Several months back, Sarah Fudin and I exchanged emails about the possibility of her writing a guest post related to online professional development. As the Social Media and Outreach Coordinator for the University of Southern California’s MA program in teaching, Sarah’s post is a reminder of the many ways social media can serve mental health professionals in continuing to develop both our networks and our competency.
(If you are interested in writing a guest post, check out the guidelines here.)
A Guest Post by Sarah Fudin
Professionals in any field can benefit from sharing knowledge, experience and resources with peers. One of the best ways to keep your career on track and stay current within your field is by developing a professional learning network, which is essentially a group of professionals who exchange information, answer questions, and share the benefits of their knowledge and experience. By providing an environment for learning, sharing, mentoring and collaboration, your professional learning network can help you expand your knowledge base and broaden your professional perspective.
Today it’s possible to build a professional learning network from any location. Opportunities for making both face-to-face and online connections can be found by visiting professional websites, blogs, forums, social network sites, like Twitter and Facebook, and professional directories, like LinkedIn.
Here are some tips for growing your professional learning network:
- Join a professional social network. Professional social networks are web services that provide forums for discussion, links to resources, online classes and webinars. They may also host conferences and other events in the real world. Examples of professional social network for physicians and other health care professionals are Social Media for Health Care, Sermo and Medscape, online communities with more than 100,000 members. Find out more about professional social networks in your field by searching online and talking to colleagues.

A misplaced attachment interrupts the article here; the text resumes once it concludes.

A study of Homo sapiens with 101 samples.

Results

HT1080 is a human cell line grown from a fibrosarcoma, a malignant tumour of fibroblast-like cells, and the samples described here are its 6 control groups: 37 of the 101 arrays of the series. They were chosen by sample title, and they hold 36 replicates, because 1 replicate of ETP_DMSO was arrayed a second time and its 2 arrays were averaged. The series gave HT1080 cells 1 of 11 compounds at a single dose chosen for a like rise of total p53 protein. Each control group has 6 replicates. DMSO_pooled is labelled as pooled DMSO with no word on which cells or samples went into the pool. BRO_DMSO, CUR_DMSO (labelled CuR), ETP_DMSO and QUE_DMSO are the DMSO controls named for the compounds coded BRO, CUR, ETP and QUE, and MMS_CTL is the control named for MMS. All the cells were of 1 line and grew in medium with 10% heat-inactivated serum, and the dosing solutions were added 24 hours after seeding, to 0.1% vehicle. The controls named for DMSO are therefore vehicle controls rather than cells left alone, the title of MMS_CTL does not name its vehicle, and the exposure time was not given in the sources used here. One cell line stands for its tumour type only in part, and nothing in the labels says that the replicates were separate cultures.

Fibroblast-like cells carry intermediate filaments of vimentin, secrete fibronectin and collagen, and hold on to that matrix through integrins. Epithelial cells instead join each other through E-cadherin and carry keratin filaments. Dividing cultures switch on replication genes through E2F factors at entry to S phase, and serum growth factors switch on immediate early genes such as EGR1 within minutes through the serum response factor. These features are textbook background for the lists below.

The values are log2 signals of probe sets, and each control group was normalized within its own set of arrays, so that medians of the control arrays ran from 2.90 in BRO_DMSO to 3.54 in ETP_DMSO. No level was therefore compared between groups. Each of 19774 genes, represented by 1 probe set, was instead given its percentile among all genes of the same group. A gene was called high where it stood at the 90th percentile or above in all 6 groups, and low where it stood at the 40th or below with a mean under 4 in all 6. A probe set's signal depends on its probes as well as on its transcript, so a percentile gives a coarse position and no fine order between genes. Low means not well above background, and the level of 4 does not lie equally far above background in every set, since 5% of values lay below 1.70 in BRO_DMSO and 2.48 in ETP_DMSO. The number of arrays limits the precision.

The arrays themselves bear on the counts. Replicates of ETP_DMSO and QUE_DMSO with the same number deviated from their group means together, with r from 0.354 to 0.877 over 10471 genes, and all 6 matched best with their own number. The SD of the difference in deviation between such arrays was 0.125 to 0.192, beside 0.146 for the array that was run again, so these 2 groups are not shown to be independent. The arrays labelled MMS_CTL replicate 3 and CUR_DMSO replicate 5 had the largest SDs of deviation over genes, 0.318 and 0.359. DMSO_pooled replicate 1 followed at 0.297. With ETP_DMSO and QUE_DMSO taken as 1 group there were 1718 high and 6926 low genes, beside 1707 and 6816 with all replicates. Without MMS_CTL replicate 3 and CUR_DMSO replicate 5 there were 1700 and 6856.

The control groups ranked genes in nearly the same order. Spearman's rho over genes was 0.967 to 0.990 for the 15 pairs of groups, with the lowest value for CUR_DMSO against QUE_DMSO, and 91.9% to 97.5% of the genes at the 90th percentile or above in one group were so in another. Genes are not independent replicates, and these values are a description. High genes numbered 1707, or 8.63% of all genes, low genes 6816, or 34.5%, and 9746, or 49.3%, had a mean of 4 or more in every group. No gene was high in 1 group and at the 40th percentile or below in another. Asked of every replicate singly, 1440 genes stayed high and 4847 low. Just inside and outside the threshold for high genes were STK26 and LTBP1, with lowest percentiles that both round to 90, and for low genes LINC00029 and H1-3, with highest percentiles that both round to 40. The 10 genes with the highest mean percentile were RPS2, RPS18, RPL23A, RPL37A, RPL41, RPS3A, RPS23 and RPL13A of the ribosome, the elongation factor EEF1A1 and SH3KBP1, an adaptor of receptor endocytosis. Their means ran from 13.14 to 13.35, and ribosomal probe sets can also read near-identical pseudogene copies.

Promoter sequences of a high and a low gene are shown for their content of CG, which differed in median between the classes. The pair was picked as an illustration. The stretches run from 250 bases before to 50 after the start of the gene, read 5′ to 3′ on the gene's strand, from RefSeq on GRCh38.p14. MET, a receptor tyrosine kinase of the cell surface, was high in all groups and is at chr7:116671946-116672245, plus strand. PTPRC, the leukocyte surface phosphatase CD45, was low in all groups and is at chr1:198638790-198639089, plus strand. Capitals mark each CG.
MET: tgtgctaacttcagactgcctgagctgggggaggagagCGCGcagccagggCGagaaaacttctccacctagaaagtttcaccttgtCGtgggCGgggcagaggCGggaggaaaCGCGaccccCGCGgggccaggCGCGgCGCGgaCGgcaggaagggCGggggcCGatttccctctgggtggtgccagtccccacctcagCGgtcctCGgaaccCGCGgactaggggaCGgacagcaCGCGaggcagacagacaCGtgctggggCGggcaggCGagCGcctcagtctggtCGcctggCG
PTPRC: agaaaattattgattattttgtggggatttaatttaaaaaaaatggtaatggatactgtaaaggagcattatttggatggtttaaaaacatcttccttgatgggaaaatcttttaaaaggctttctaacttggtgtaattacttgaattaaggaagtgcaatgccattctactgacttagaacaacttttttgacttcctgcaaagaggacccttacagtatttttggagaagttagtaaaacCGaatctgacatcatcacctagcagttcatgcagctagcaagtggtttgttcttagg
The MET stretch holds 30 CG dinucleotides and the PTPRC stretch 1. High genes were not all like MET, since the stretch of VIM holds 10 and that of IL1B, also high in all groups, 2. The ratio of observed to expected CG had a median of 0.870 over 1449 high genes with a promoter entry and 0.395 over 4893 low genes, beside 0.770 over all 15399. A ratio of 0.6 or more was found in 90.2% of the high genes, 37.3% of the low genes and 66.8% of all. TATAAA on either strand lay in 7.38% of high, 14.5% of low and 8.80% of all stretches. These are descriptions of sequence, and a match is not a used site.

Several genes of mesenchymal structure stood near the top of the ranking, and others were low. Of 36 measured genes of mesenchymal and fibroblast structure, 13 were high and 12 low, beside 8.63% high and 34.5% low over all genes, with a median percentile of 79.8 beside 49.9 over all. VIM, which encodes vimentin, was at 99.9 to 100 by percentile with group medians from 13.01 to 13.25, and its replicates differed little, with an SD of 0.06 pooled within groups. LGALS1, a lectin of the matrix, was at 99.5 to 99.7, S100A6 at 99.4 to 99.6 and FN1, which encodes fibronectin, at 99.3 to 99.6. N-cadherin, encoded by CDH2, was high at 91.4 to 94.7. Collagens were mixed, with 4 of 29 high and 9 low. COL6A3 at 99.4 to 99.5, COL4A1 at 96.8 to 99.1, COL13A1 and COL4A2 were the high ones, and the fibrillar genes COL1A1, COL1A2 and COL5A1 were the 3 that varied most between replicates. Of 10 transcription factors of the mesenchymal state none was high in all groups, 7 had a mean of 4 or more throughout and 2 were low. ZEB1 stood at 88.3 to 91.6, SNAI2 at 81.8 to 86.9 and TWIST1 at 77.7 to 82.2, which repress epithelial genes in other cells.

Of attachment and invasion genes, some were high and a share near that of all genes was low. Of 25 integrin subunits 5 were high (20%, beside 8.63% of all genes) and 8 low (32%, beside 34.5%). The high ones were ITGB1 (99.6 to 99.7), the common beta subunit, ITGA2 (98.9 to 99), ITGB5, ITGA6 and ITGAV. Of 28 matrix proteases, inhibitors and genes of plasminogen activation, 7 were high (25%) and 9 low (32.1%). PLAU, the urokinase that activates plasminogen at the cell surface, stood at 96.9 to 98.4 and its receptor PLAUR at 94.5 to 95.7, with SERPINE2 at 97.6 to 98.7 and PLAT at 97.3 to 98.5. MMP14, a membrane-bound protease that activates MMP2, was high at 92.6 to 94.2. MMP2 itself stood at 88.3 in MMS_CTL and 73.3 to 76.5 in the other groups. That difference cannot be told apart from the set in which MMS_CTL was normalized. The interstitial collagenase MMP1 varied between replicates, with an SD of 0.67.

- Join Linkedln. This popular platform for professional networking allows you to create a profile that will help you connect to peers in your field who share your interests. You can also join professional LinkedIn groups and participate in online professional discussions. For example, there are currently more than 300 special interests groups related to the mental health profession on LinkedIn.
- Join Facebook and Twitter. Any professional who wants to network online needs to be familiar with these two. You can join professional groups on Facebook and post information about your professional status and achievements. On Twitter, you can participate in focused chats through hashtags (such as #mshm for Mental Health Social Media and #mentalhealth for Mental Health). To learn more about using Facebook and Twitter for professional communication, read this blog post.
- Join the blogging community. Professional blogs are easy-to-access resources for information and contacts. By following blogs and adding comments, you can become part of an informal online community that shares information about your field. The professional social network that you join should provide links to popular blogs related to your field, and you can find others through online searches. Many blogs will allow you to become a subscriber and follow the conversation via email updates or RSS feed.
- Create your own blog. Establish your online professional presence by creating your own blog. You can register for a free blog on Blogger or WordPress, or integrate a blog into a professional website. Establishing a regular schedule for posts about subjects that are relevant to your field will help attract readers. It’s also important to use other online platforms, like email, Twitter and social media sites, to let people know that you’re blogging. When you comment on posts by other bloggers, be sure to include a link back to your own site.
There are times when the amount of professional information available online seems overwhelming. Avoid information overload by seeking out professional resources that inform, instruct and inspire. Most importantly, don’t forget the importance of face-to-face contact. As you develop your professional learning network, don’t forget to get in touch with colleagues in your local community.
Sarah Fudin currently works in community relations for the University of Southern California’s Master of Arts in Teaching program. Outside of work Sarah enjoys running, reading and Pinkberry frozen yogurt.